Brazilian Alternative To Unilag & Others

On the 5th of August, 2015, students seeking admission into the University of Lagos together with their parents staged a peaceful protest in front of the school gate.

The Joint Admission And Matriculation Board (JAMB) and its educational stakeholders had fixed the cut-off mark for universities at 180 as requirement for admission, while the polytechnics and colleges of education at 150 but the insistence of University of Lagos’ management to set it at 250 incensed the parents who believe their children are being deprived of what they believe is solid education.

Solid education in any country is characterized by good teaching methods, qualitative research, optimum lecturer to student ratio and a conducive living and learning environment. In truth, very few Nigerian universities possess these qualities.

To worsen the situation, the drop in crude oil price has led to the biggest exchange rate depreciation in over a decade with the Naira now exchanging for the US dollar at a rate of about N350/$1. This is about double the rate barely a year ago. In practical terms, this means parents who may have wanted to send their children abroad (even Ghana and Togo are now major destinations for Nigerians) cannot afford the fees any longer.

Thankfully, there are several international organizations who have recognized the gap in the Nigerian educational system and are working with Nigerian partners to help deliver qualitative education to Nigerian students willing to take up the opportunities presented.

One such partnership is between the Friends of The Environment (FOTE) and the Brazilian embassy who are looking to provide scholarships to study various courses in participating Brazilian universities. 

To qualify, there is a prerequisite 6-month language proficiency course which started in October 2015. The course also offers entrepreneurs and other business professionals the chance to broaden their business horizons to include Brazil, Portugal, Angola, and other Portuguese-speaking (Lusophone) countries in Africa.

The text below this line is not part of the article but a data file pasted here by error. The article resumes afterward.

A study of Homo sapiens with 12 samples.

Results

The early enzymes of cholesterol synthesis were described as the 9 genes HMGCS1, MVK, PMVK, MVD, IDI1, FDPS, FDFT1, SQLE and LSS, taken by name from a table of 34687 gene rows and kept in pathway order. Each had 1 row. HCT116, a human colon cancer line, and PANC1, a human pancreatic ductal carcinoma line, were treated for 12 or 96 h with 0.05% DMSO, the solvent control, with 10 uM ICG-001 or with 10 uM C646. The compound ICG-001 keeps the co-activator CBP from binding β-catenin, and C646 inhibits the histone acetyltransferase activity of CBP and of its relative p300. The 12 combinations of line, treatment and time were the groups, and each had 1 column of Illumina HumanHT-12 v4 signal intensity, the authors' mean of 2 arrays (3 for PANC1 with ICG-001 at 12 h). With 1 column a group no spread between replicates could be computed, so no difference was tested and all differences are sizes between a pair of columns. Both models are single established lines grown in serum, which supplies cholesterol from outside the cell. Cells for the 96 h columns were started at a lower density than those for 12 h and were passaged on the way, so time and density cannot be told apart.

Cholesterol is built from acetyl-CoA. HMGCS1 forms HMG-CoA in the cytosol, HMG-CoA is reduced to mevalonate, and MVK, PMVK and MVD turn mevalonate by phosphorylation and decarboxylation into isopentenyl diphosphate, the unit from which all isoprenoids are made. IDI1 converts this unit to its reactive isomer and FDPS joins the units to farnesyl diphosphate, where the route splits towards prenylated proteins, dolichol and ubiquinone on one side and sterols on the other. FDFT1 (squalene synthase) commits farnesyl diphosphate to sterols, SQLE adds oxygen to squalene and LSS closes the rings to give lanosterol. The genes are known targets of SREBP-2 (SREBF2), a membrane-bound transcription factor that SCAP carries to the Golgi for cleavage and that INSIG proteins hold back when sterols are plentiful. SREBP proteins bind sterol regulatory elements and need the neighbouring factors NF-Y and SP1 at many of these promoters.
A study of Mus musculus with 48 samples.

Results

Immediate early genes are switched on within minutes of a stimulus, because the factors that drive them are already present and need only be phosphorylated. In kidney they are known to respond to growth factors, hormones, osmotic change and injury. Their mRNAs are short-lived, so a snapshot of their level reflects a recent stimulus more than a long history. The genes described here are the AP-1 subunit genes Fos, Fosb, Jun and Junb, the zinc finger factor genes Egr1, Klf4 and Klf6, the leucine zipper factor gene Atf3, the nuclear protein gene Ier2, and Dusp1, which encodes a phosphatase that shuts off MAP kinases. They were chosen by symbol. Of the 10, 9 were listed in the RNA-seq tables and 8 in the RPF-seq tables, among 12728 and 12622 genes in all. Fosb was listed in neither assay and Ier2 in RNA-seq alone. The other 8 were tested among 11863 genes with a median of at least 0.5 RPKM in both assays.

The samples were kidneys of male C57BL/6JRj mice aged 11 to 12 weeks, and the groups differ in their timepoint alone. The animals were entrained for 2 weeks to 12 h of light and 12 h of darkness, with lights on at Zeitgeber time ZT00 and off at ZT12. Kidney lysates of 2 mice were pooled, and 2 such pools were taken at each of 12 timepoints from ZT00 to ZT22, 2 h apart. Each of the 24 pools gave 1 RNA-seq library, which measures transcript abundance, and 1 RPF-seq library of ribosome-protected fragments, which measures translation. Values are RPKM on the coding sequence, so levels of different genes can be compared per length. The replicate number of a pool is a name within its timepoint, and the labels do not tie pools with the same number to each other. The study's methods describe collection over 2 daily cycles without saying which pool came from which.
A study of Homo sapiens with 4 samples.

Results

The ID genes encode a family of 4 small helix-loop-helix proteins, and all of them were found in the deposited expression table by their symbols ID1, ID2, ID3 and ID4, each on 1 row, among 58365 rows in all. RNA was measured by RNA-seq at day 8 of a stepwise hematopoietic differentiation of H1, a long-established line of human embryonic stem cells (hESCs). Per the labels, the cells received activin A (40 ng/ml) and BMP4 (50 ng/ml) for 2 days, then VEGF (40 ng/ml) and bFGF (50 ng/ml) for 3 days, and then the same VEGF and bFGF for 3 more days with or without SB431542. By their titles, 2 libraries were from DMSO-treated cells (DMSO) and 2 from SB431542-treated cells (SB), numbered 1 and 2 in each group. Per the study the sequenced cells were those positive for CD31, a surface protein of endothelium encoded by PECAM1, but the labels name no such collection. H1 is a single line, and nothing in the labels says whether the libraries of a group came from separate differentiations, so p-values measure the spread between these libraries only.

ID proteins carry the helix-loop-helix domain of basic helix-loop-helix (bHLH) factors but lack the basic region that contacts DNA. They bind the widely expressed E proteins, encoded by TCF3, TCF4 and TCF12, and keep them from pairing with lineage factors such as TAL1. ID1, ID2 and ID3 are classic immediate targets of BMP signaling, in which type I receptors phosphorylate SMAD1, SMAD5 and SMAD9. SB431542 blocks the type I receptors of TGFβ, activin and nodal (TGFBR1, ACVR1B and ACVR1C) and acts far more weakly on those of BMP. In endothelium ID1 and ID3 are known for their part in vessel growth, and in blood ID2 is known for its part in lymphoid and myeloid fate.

Successful candidates will obtain full scholarships for post-graduate studies, and tuition scholarships for undergraduate studies.

In a sense, the University of Lagos debacle combined with the fall in the Naira exchange rate, could re-ignite a lost shared heritage between Lagos and Brazil.

Once upon a time, returnee immigrants from Brazil (and other South American countries) collectively known as Brazilians or “Aguda” (Catholics) made up a significant part of the Lagos population with names such as Da Rocha, Pedro Martins, Da Silva, Salvador, being very prominent in various facets of society – academia, trade, business, religion and politics.

In truth, darker skinned Brazilians owe their heritage to the millions of African slaves brought into the country from West Africa during the slave trade; Lagos was a major export terminal for the West African slave trade.

There just may be a new wave of Agudas as Nigerian students explore ‘the new world’ all over again, and possibly return with Brazilian partners – business and marriage – to Lagos to add to the long and rich history between both countries.





Unlike the Saros who were principally from Sierra Leone, the Amaros, who were sometimes called Nago in Brazil (Nago, indicates Yoruba ethnicity) were liberated slaves from Brazil and Cuba. Returnees from Brazil and Cuba and their current-day descendants were and are more commonly called “Agudas”. They went to the New World as slaves from different sub-ethnic and ethnic backgrounds but approached relationships among themselves as equals. They came back to Nigeria, principally to re-connect with their fatherland. In Lagos, they were given the watery terrains of Popo Aguda as their settlement. They were not brought up in the Anglican faith like the Sierra Leoneans but chose Catholicism, the dominant religion in Brazil and Cuba. By the 1880s, the Agudas comprised about 9% of the population of Lagos. It should be remembered that some of the Agudas were Muslims. Some of the Catholic Brazilians and Cubans also worshipped African Orishas which they had also worshipped in Brazil and Cuba. These Amaros gave Portuguese names and Spanish naming customs in Nigeria.

The Brazilian returnees were notably technically skilled artisans and were known for the distinctive Brazilian architecture built in their settlements and later in the Lagos environs. During the time, modern European architecture was not only meant to be a nice abode but also a dominating to show Africans of a different style and culture. Chilled from Wikipedia.